Airbnb Seeks Peace With New York and San Francisco Officials
(Bloomberg) -- Airbnb Inc. is taking steps to resolve long-standing disputes in two of its largest and most lucrative markets.
In its hometown of San Francisco, the apartment-sharing website has settled a lawsuit requiring it to register its rental properties with the city. In New York, Airbnb is working with a local lawmaker to carve exceptions into a housing law. Airbnb said it will register its New York hosts in a state database and permit them to rent only one unit at a time, the home where they live.
The nine-year-old upstart has been facing pressure from governments saying its home-sharing website squelches the housing supply by providing landlords with incentives to turn apartments into illegal hotels. Regulatory tensions remain a major hurdle for a potential initial public offering for Airbnb, which was valued at $31 billion by investors this year.
Monday’s settlement in San Francisco is a conciliatory move for the travel startup, which until recently, took a more pugnacious approach to city regulators. Last year, Airbnb sued San Francisco in federal court after legislators passed a law holding the company liable for collecting fees on unregistered properties that the company had provided booking services. Airbnb claimed the rule violated the First Amendment and Communications Decency Act.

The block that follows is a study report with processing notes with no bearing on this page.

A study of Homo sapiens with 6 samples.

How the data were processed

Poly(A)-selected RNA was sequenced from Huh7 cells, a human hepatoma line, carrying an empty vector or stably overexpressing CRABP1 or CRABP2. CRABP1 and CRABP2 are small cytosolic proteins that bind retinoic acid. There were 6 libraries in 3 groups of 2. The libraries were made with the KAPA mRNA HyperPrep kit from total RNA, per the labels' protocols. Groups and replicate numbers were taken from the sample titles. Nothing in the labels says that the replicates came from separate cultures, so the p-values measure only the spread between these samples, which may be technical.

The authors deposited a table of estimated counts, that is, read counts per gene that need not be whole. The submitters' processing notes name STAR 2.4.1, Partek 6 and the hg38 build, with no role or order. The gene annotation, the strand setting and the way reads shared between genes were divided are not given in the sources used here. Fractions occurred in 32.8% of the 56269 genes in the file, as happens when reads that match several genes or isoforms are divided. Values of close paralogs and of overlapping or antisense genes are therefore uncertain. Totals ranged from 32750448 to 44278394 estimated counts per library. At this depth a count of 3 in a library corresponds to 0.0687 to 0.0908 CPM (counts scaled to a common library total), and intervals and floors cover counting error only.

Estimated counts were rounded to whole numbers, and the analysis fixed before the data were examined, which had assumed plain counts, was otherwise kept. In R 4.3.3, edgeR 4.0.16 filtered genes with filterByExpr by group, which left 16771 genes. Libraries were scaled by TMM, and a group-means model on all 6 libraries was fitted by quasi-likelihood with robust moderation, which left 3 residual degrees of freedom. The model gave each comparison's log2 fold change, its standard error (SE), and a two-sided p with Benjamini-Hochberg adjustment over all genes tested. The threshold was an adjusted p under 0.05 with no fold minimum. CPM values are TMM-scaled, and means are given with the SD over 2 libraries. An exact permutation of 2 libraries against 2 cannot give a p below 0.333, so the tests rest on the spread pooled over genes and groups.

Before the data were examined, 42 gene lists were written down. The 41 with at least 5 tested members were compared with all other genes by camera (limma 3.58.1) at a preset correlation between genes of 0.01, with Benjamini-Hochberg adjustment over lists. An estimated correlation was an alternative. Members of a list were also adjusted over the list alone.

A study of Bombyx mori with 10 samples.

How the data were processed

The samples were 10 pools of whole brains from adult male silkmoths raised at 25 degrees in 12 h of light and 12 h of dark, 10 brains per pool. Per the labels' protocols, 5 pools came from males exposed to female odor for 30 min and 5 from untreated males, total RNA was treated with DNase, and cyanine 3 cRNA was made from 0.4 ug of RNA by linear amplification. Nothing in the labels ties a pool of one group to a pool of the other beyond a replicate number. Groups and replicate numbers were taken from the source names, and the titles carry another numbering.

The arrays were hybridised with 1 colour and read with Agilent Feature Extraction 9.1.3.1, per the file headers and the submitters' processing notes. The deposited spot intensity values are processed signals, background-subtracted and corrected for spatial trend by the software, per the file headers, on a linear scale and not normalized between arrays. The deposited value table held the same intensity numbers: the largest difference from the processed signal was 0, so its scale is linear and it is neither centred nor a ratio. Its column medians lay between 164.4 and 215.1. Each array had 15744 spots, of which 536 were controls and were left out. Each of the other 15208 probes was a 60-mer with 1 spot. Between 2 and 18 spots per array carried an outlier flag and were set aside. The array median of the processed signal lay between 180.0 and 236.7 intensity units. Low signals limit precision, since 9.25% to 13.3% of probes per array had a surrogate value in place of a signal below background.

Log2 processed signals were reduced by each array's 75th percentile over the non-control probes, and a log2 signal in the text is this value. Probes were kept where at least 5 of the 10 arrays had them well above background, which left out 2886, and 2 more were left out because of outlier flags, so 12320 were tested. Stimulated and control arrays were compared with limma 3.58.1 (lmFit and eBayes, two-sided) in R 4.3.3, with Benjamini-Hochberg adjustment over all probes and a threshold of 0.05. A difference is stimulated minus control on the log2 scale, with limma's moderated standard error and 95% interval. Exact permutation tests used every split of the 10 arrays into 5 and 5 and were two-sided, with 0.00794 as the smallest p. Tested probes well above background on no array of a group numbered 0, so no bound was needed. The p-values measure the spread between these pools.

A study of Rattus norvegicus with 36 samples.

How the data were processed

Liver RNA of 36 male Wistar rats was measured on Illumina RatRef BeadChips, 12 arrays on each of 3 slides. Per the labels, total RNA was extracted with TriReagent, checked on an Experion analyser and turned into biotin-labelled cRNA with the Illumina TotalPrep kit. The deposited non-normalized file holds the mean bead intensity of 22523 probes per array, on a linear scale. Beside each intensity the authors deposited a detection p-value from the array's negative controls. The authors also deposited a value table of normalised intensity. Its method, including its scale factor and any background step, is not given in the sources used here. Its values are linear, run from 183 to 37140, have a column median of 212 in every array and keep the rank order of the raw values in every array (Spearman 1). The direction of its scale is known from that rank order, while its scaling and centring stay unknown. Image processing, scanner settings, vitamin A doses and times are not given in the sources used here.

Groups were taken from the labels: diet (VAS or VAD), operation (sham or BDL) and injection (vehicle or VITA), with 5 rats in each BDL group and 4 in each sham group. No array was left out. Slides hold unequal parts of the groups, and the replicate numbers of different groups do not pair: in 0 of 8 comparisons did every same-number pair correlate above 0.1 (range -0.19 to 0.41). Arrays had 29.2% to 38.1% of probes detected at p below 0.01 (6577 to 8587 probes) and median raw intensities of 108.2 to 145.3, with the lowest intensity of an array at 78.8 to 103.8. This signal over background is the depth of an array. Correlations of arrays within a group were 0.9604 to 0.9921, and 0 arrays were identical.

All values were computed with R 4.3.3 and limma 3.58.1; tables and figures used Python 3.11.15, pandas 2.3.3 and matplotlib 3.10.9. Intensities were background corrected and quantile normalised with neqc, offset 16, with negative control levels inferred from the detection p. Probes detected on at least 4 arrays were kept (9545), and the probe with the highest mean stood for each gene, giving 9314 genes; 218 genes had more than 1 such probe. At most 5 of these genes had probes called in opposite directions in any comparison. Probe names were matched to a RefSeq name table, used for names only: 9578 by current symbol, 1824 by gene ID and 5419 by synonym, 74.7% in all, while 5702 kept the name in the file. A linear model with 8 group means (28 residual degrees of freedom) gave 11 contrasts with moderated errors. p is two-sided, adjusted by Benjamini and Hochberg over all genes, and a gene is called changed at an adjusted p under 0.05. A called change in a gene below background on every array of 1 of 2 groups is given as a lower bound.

“This is a game changer,” San Francisco City Attorney Dennis Herrera said in a statement. “This agreement helps protect the city’s precious housing supply by obligating these companies to ensure that all their listings are legal and properly registered.”
In 2015, San Francisco had passed a law requiring Airbnb hosts to register with the city. Of Airbnb’s estimated 8,000 hosts, only about 2,100 took efforts to register, Herrera said.
Airbnb said it will set up a simple way for hosts to register with the city through the company’s website. In its most basic form, San Francisco rentals listed on Airbnb must now include a city registration number.
The city will continue to police Airbnb’s activities, Herrera said. Airbnb will provide officials a record of local listings so the city can verify whether a host has been registered. Airbnb has agreed to cancel future stays and deactivate listings if there is an invalid registration, he said.
Airbnb’s new San Francisco registration system will phase in over eight months, said Chris Lehane, the company’s head of global policy. “We fundamentally do believe that platforms need to take responsibility,” he said.
The New York bill introduced this weekend has enraged some anti-Airbnb legislators. “Once again Albany is about to be subjected to Airbnb’s corporate-funded Astroturf lobbying,” New York State Senator Liz Krueger said in a statement. “Fortunately for New York residents, legislators are not buying it.”